Community Groups File Appeal of Mine Threatening State Park

Greene County, PA--The Sierra Club and Center for Coalfield Justice (CCJ) filed an appeal of a permit issued by Pennsylvania Department of Environmental Protection (DEP) that would allow Consol Pennsylvania Coal Company (Consol) to mine underneath Ryerson Station State Park, damaging the streams that flow through the area. The groups are asking the Environmental Hearing Board (EHB) to halt mining in the park while the appeal is being considered. The appeal comes after the DEP issued a permit to Consol last week allowing the company to perform extensive and destructive longwall mining beneath the surface of two streams - Polen Run and Kent Run - portions of which are within the Park. The permit was issued despite the fact that the application filed by Consol predicts significant damage, notably subsidence and flow loss, to these streams. Since Consol’s destruction of Duke Lake via mining activity nearly ten years ago conservationists argue these two streams are some of the most important remaining water features and fishing spots in the park.

“We’re asking the EHB to halt all mining by Consol within the park until it has a chance to review the permit appeal. By issuing this permit and allowing Consol to utilize longwall mining beneath these streams, DEP is actively allowing a private company to destroy a public park for profit and diminish the very small amount of running water we have left since the company’s previous mining activities resulted in the loss of Duke Lake,” Patrick Grenter, Executive Director of the Center for Coalfield Justice said. “This area in Greene County is a state-designated environmental justice area and Ryerson is the only state park in Pennsylvania easily accessible to this community. With the lake gone and now the near-certainty of damaging these streams, what recreational opportunities will this community have? We hope the Board will step up where the DEP and Governor Wolf have failed and stop the destruction of this public property.”

The activity authorized by this new permit is predicted to result in flow loss that would prevent aquatic life, like fish, salamanders, frogs, and macroinvertebrates (such as mayflies, dragonflies, and other insects that live in streams) from surviving in the streams. Thousands of fish have died from mining at this Consol complex in the past and thousands of future memories and experiences have been stolen from visitors of Ryerson Station State Park.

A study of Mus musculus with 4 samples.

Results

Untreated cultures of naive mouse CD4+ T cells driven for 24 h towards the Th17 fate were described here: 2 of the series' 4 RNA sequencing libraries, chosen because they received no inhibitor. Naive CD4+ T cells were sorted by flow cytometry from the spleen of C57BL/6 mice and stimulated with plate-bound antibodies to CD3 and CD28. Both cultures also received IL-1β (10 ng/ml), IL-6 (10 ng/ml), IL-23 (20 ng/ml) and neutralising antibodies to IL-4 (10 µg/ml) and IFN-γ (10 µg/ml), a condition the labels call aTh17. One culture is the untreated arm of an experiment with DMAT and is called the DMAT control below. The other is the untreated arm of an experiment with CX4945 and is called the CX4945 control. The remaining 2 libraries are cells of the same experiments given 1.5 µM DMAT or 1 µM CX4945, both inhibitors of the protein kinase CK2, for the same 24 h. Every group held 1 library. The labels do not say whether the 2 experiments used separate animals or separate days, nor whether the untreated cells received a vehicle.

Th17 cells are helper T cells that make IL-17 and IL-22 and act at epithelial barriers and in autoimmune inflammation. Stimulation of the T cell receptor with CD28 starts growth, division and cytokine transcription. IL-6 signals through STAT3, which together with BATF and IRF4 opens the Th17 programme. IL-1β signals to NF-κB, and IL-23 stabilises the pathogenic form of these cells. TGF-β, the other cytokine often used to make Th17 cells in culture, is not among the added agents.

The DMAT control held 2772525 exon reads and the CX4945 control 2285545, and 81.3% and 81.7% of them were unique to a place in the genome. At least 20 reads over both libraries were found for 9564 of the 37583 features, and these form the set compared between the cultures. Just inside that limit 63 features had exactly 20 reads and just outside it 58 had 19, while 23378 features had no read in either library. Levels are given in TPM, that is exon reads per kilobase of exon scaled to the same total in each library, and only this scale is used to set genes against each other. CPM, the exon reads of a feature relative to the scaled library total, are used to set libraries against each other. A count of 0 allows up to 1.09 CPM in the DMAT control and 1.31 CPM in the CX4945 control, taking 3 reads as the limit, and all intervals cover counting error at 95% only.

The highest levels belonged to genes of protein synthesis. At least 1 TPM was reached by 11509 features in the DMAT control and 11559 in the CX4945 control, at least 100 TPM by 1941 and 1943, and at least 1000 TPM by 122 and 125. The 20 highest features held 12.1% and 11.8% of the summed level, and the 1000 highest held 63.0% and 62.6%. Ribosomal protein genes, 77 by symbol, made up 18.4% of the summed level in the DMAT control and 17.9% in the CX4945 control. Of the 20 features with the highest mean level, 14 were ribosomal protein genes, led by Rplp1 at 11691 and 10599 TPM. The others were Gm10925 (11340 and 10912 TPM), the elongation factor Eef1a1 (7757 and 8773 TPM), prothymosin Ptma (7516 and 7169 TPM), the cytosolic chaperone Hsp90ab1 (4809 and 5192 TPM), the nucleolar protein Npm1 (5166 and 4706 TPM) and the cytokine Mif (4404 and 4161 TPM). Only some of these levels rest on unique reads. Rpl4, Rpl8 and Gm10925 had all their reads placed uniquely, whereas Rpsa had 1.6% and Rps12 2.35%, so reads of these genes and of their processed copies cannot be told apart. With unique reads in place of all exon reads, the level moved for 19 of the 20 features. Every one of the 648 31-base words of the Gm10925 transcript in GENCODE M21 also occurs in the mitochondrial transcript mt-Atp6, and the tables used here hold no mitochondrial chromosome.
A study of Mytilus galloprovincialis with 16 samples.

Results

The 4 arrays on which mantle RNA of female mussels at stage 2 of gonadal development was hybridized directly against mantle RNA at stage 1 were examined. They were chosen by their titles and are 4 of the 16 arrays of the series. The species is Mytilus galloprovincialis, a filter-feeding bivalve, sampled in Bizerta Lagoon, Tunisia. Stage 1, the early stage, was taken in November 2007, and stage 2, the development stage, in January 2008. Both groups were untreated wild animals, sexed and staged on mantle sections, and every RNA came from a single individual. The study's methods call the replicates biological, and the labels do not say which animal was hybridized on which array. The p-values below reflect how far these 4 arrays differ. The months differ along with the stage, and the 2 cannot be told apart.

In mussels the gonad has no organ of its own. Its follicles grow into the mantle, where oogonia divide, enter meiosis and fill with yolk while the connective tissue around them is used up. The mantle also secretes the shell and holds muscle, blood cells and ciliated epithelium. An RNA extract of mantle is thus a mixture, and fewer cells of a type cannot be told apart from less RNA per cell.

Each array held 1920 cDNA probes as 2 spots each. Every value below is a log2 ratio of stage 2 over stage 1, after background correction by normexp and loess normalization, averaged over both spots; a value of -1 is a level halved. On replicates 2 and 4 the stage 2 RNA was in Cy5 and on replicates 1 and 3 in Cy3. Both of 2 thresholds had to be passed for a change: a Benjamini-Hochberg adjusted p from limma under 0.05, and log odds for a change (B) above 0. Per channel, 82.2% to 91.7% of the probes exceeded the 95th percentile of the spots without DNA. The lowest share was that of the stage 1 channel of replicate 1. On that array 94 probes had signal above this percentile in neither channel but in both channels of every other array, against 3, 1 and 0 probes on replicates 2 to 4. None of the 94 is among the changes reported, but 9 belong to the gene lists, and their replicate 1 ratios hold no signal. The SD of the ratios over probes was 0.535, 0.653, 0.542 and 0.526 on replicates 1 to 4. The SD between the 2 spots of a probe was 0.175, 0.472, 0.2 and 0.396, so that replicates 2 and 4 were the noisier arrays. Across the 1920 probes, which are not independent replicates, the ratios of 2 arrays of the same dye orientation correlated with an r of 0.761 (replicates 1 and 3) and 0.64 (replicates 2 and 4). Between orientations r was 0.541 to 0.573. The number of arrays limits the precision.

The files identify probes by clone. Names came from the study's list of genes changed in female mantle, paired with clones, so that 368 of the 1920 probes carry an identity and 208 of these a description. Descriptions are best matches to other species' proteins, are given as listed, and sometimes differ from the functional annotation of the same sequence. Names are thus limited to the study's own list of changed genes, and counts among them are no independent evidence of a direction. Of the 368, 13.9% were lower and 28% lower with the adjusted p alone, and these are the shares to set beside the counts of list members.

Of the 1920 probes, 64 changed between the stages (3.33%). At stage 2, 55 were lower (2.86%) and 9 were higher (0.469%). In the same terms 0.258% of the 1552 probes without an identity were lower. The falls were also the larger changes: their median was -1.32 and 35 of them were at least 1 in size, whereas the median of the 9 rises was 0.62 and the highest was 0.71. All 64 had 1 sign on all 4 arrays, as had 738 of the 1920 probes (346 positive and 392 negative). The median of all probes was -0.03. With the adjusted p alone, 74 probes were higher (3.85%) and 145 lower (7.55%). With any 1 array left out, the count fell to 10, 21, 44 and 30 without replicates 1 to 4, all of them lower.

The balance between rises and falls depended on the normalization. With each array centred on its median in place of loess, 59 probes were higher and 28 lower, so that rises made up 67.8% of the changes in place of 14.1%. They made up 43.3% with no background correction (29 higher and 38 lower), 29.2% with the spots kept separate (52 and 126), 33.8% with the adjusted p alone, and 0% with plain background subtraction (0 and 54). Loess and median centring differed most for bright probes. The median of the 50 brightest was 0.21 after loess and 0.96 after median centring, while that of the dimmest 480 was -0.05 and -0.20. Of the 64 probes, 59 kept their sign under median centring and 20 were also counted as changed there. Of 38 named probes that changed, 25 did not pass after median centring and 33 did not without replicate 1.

“The Wolf Administration’s decision to issue this permit runs counter to its obligations under Pennsylvania’s Constitution, which promises all of us, as well as future generations, the right to pure water, clean air and the preservation of the environment,” Joanne Kilgour, Director of the Sierra Club Pennsylvania Chapter said. “It is unconscionable that the only state park in a state-designated environmental justice community is being sacrificed for the temporary benefit of this one company. The state has allowed mining to begin as we contest the permit and already there has been subsidence-induced flow loss in Polen Run, which flows through Ryerson Station State Park. To date, we have lost hundreds of stream miles as a result of this mining and many more have been permanently degraded.”

In April, the Center for Coalfield Justice and Sierra Club appealed another permit issued to Consol for mining activity that would result in reduced or eliminated flow in streams just outside the park, arguing that the mining activity will violate the Clean Streams Law and that the permit runs counter to DEP’s own coal mining regulations.

“Yet again, our state government has caved to pressure from Consol and failed to protect an environmental justice community from the company’s reckless operations,” Veronica Coptis, Deputy Director of Center for Coalfield Justice and resident of Greene County. “The Governor has placed the burden of defending the community’s only state park on the residents.”